Iowa State’s music & theatre department hosted a “75th Birthday Celebration” tonight. My wife and I left the young miss at home and enjoyed an evening of music. I’ve enjoyed listening to Philip Glass since the mid-80′s. When I saw his Ensemble in Rochester about two-point-five decades ago, it was one of my most enjoyable concert experiences. I would say it is still a top-twenty today.
Two impressions from tonight: breathing hands and melancholy.
In the Martha-Ellen Tye Recital Hall, I sat close enough to watch the musicians play. Pianists, string players, and saxophonist: it was like entering a trance to watch their hands and fingers. Most of the players looked relaxed, and the music breathed. And I got the sense of breath in the hands when I watched them play. Though one or two players looked nervous and a bit brittle.
With compositions sampled from five decades, the overarching theme was one of melancholy, but a subtext of playfulness. Here’s the line-up:
- Orphée Suite (movements ii, iv, and vii) performed by Sophia Ahmad, piano
- Gradus performed by Colin Young, saxophone
- The Poet Acts & movement iii from Mishima String Quartet No. 3, performed by the Rex Repetere Cello Quartet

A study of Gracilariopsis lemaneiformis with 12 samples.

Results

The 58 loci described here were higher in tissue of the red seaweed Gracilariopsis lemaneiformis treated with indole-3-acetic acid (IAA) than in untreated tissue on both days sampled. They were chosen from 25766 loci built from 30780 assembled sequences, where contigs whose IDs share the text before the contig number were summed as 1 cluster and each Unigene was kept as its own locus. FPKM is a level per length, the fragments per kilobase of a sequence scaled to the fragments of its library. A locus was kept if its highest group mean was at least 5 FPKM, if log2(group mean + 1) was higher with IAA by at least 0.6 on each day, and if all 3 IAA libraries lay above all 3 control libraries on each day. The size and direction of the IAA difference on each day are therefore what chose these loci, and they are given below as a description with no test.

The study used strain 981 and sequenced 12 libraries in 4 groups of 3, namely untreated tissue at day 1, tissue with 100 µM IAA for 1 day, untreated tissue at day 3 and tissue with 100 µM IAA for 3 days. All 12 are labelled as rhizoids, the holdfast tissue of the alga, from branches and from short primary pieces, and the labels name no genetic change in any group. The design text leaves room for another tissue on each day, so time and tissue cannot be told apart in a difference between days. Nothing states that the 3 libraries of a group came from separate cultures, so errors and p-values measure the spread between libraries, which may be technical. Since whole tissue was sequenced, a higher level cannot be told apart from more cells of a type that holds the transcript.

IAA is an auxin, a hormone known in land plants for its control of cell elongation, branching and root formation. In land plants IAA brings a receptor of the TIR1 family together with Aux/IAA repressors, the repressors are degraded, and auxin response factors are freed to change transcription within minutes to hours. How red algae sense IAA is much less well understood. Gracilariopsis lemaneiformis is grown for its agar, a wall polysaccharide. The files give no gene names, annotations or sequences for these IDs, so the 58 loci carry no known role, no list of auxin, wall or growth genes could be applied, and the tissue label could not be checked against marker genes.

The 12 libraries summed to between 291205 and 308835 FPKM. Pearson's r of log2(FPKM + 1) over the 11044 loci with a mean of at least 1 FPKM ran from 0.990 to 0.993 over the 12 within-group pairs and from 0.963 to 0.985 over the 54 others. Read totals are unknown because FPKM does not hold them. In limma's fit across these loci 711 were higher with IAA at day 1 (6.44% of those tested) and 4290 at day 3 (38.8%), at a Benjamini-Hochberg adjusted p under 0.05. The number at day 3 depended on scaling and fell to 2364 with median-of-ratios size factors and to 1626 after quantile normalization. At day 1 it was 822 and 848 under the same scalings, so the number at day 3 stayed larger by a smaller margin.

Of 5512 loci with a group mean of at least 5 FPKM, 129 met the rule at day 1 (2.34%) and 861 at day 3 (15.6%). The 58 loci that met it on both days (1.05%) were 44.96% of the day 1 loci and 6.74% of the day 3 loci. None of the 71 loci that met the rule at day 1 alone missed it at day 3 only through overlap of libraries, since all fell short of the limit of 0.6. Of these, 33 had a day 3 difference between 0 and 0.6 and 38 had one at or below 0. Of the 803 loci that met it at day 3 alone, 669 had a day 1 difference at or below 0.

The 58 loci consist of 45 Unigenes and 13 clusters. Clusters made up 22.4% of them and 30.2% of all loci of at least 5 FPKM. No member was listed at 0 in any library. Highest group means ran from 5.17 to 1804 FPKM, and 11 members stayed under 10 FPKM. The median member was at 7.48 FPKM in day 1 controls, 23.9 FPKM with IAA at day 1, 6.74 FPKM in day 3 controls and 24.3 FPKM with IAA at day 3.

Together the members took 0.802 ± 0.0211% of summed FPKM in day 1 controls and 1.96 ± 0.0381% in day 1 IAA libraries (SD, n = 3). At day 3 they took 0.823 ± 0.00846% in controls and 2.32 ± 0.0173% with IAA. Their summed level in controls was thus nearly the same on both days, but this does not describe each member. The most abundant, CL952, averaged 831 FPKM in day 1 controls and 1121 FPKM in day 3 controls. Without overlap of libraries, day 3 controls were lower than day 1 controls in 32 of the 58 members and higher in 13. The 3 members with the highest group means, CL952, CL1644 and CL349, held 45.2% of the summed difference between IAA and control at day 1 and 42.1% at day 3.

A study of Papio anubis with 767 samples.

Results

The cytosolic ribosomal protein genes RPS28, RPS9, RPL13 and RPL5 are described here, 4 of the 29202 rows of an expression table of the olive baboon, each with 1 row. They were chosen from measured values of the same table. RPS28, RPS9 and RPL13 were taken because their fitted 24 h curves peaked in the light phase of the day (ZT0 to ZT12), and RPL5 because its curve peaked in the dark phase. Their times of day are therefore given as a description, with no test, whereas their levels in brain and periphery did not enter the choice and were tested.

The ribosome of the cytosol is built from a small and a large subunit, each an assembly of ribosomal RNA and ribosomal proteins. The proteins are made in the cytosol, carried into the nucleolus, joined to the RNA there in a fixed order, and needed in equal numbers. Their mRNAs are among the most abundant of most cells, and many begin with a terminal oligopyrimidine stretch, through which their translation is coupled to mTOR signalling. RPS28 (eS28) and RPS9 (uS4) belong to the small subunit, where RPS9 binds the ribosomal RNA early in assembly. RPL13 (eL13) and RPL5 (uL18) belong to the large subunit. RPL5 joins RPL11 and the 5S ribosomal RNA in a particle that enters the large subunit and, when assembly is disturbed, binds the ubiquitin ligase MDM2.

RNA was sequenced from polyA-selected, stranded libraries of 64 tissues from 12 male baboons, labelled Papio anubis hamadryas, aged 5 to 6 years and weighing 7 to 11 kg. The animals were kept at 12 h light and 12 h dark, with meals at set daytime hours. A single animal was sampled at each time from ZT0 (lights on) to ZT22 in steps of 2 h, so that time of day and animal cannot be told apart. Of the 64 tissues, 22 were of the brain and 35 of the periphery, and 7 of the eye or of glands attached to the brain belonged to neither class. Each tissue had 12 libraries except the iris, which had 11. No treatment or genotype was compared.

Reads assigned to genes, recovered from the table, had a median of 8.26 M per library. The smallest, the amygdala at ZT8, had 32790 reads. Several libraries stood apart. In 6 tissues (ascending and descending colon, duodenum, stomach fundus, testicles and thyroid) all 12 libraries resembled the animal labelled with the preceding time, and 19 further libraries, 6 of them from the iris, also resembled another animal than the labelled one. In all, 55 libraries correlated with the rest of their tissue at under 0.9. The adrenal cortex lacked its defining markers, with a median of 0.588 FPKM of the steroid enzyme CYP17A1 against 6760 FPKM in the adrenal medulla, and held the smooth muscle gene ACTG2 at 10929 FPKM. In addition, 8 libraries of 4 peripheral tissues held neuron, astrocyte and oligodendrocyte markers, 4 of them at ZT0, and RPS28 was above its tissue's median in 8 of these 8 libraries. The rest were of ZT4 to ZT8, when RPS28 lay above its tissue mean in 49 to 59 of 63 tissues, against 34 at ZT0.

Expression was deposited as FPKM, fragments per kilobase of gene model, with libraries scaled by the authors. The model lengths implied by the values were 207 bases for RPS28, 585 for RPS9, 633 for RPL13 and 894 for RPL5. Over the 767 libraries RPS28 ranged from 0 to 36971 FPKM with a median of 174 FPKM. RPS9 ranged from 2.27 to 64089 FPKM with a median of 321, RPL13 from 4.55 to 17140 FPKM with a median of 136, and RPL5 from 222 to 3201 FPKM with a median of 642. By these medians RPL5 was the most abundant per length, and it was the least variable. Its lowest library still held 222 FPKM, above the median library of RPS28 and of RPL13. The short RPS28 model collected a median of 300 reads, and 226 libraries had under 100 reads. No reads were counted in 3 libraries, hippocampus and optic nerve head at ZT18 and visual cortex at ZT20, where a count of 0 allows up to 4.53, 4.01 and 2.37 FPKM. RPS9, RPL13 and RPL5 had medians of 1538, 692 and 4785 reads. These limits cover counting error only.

- String Quartet No. 5, performed by the Belin Quartet
- Knee Play 2 from Einstein on the Beach performed by violinist Jonathan Sturm with sequences from the film Koyaanisqatsi
- Mad Rush, performed by Nicholas Roth, piano
The programming was outstanding. Piano pieces bookmarked the event. I liked the Orphée excerpts, and they were competently rendered. This arrangement is typical of later Philip Glass, and reminded me of the Metamorphosis pieces from his 1988 disk of solo piano music. Also on that disk is an earlier work, “Mad Rush,” which was a fitting conclusion to this concert. Nicholas Roth “gets” Glass. No other way to describe it. More than any of the other players, I saw the breathing of the piece in watching the pianist’s hands.
The full String Quartet No. 5 was the centerpiece. From 1991, it had the most variety in style and mood. Like any Glass work, it has a heavy strain of lament, but with a wink of playfulness about it. I’m less familiar with the string quartets (I think Glass has composed nearly a dozen) but this piece was engaging, ever surprising, and artistically rendered.
The two brief pieces from the cello quartet were warm and enjoyable.
Gradus was composed in 1968 for Glass’ longtime collaborator Jon Gibson. Early minimalism, and delightfully unpredictable.
Dr Sturm had perhaps the most virtuoso performance of the night. He accompanied video sequences from the film Koyaanisqatsi. I didn’t get to see the hands there as much as watch the lament of the overly busy modern life.
I love living in a university town with musical experiences like this.